I heard a story recently about a woman who pretended she had a young child just so she had a pretext for leaving work early when she wanted to. If women with children have the right to request flexible working, then why shouldn’t the child-free be allowed similar rights, she said. Her view was if you can’t beat them, then you might as well join them.
It’s not clear how many more women might be driven to such deception, but this behaviour is symptomatic of a new kind of discontent in the workplace.
Over the last decade women’s satisfaction levels at work have dropped by 3% for full-timers and 8% for part-timers. It’s ironic that at a time when women have more employment rights than ever they are less satisfied.
It’s even more ironic that women working part-time – the ones taking advantage of flexible working rights – are the unhappiest.
This could be because women who choose to work part-time fear their career prospects are hindered, as some company cultures still view part-time working as part-time commitment. But some HR commentators suggest that flexible working policies themselves are breeding discontented staff.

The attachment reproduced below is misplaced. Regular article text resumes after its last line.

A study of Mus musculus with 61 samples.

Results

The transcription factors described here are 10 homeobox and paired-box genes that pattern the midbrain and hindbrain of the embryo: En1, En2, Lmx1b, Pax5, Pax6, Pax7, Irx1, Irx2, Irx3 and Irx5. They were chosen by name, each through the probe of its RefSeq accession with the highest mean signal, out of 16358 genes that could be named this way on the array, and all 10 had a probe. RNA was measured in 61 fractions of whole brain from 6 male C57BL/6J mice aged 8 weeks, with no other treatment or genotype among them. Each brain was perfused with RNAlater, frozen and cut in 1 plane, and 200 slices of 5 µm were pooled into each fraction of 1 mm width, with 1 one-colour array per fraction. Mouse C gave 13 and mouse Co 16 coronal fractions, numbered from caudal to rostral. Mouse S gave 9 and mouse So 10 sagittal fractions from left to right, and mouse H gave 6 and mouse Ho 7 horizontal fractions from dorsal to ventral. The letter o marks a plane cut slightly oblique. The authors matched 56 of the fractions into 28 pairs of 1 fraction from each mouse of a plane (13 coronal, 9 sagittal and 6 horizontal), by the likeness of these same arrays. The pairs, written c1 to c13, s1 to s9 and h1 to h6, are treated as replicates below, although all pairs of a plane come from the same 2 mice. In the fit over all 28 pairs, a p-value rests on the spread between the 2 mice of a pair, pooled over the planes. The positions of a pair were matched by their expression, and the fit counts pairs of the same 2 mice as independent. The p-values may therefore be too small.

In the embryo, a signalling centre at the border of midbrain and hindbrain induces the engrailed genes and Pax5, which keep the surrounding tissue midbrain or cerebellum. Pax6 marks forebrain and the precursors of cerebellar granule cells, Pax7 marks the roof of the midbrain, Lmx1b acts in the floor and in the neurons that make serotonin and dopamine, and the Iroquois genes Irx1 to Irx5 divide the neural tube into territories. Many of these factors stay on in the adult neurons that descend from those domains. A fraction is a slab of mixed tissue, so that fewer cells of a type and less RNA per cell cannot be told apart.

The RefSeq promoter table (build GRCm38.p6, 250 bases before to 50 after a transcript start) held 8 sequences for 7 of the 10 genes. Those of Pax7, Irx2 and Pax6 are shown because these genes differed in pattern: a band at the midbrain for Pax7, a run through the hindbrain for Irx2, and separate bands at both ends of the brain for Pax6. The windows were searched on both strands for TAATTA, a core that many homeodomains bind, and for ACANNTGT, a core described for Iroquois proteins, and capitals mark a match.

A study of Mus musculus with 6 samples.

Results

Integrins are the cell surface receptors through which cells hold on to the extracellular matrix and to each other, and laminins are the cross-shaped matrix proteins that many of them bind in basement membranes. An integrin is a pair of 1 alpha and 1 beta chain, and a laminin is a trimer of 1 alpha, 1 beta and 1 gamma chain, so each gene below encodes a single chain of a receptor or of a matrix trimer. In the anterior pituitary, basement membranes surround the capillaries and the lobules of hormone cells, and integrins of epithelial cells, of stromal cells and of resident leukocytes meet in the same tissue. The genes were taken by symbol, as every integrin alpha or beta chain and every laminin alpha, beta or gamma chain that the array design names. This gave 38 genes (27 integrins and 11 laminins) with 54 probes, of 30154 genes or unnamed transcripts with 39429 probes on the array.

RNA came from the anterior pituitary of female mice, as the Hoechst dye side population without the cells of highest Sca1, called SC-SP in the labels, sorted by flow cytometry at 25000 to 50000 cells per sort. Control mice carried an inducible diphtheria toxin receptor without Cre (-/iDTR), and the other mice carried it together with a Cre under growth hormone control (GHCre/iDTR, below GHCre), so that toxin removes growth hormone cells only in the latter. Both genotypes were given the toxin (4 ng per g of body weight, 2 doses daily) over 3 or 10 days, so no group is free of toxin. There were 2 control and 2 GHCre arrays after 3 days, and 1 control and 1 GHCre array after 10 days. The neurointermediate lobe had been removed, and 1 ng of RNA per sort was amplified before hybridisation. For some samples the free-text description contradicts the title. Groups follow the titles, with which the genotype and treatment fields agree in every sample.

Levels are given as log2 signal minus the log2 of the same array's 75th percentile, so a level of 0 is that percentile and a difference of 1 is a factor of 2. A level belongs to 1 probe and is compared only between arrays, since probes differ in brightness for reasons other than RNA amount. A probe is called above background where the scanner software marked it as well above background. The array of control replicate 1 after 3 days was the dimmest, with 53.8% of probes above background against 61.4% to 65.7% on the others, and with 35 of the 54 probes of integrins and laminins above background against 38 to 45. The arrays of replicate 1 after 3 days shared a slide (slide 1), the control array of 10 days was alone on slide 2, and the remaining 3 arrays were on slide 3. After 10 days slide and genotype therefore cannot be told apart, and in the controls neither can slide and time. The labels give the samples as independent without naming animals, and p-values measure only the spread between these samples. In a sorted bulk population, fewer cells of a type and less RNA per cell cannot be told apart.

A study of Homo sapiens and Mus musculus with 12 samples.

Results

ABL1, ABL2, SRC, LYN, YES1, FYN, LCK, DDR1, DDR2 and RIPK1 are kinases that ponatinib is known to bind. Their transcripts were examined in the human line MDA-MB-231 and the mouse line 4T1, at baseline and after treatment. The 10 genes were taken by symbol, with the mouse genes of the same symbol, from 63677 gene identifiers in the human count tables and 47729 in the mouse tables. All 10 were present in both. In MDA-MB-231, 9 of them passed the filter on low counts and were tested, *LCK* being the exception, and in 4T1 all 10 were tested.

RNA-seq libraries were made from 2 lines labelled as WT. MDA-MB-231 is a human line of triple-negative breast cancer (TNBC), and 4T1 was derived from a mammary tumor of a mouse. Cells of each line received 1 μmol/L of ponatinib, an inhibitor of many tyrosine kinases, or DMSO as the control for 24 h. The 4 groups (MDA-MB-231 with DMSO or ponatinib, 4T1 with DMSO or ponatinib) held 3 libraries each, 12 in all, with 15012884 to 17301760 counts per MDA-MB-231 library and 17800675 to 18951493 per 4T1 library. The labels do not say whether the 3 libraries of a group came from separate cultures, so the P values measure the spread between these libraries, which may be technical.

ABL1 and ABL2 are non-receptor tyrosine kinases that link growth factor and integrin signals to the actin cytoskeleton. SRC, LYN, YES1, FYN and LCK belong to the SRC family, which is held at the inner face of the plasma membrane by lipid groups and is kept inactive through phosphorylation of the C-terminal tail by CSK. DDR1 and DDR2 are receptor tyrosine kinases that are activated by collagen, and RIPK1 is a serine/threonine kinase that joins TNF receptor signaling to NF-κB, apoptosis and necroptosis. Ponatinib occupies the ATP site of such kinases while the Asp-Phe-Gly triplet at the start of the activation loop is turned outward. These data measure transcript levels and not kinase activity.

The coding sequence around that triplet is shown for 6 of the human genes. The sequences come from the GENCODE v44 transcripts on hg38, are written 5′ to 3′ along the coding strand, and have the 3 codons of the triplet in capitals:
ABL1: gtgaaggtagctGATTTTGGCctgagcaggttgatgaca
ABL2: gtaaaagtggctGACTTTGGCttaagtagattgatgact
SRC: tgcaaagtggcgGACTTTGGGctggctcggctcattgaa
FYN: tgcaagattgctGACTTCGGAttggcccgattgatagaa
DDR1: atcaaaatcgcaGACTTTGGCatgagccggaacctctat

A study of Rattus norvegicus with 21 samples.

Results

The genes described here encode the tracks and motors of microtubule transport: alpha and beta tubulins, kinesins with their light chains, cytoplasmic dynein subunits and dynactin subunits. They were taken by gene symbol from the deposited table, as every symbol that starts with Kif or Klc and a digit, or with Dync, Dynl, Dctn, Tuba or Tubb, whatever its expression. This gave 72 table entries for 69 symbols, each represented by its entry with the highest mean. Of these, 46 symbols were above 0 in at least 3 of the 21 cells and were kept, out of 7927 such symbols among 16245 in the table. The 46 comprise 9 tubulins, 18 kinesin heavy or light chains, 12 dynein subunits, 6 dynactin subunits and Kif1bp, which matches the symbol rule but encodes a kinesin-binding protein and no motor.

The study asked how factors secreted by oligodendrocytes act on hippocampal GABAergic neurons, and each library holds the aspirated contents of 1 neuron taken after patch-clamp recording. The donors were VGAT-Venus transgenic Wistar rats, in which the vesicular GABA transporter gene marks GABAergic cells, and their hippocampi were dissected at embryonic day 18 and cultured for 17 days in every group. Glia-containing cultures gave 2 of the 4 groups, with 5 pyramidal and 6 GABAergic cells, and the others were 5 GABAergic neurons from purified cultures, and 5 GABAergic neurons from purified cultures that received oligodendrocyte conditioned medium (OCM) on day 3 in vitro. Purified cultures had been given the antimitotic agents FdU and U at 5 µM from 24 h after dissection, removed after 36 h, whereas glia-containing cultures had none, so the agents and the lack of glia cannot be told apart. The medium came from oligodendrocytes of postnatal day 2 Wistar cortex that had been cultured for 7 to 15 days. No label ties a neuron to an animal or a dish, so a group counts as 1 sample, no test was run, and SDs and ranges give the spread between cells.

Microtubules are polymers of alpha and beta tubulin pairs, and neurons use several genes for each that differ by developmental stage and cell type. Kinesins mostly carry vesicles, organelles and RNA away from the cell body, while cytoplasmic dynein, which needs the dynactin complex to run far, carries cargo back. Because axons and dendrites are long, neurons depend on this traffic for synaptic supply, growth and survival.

Just a few weeks ago, we reported that business bosses were beginning a backlash against flexible working. The signs are that trouble is brewing within the workplace too.
Like the woman with the imaginary child, resentment is building among those who don’t have an automatic right to request flexible working and feel they have to work harder than colleagues who do.
Companies shouldn’t run the risk of making working mothers feel bad because they take advantage of flexible working. But neither should employers ignore the needs of everyone else.
HR has to take the lead on this or flexible working could have a negative impact on the very people it is designed to benefit.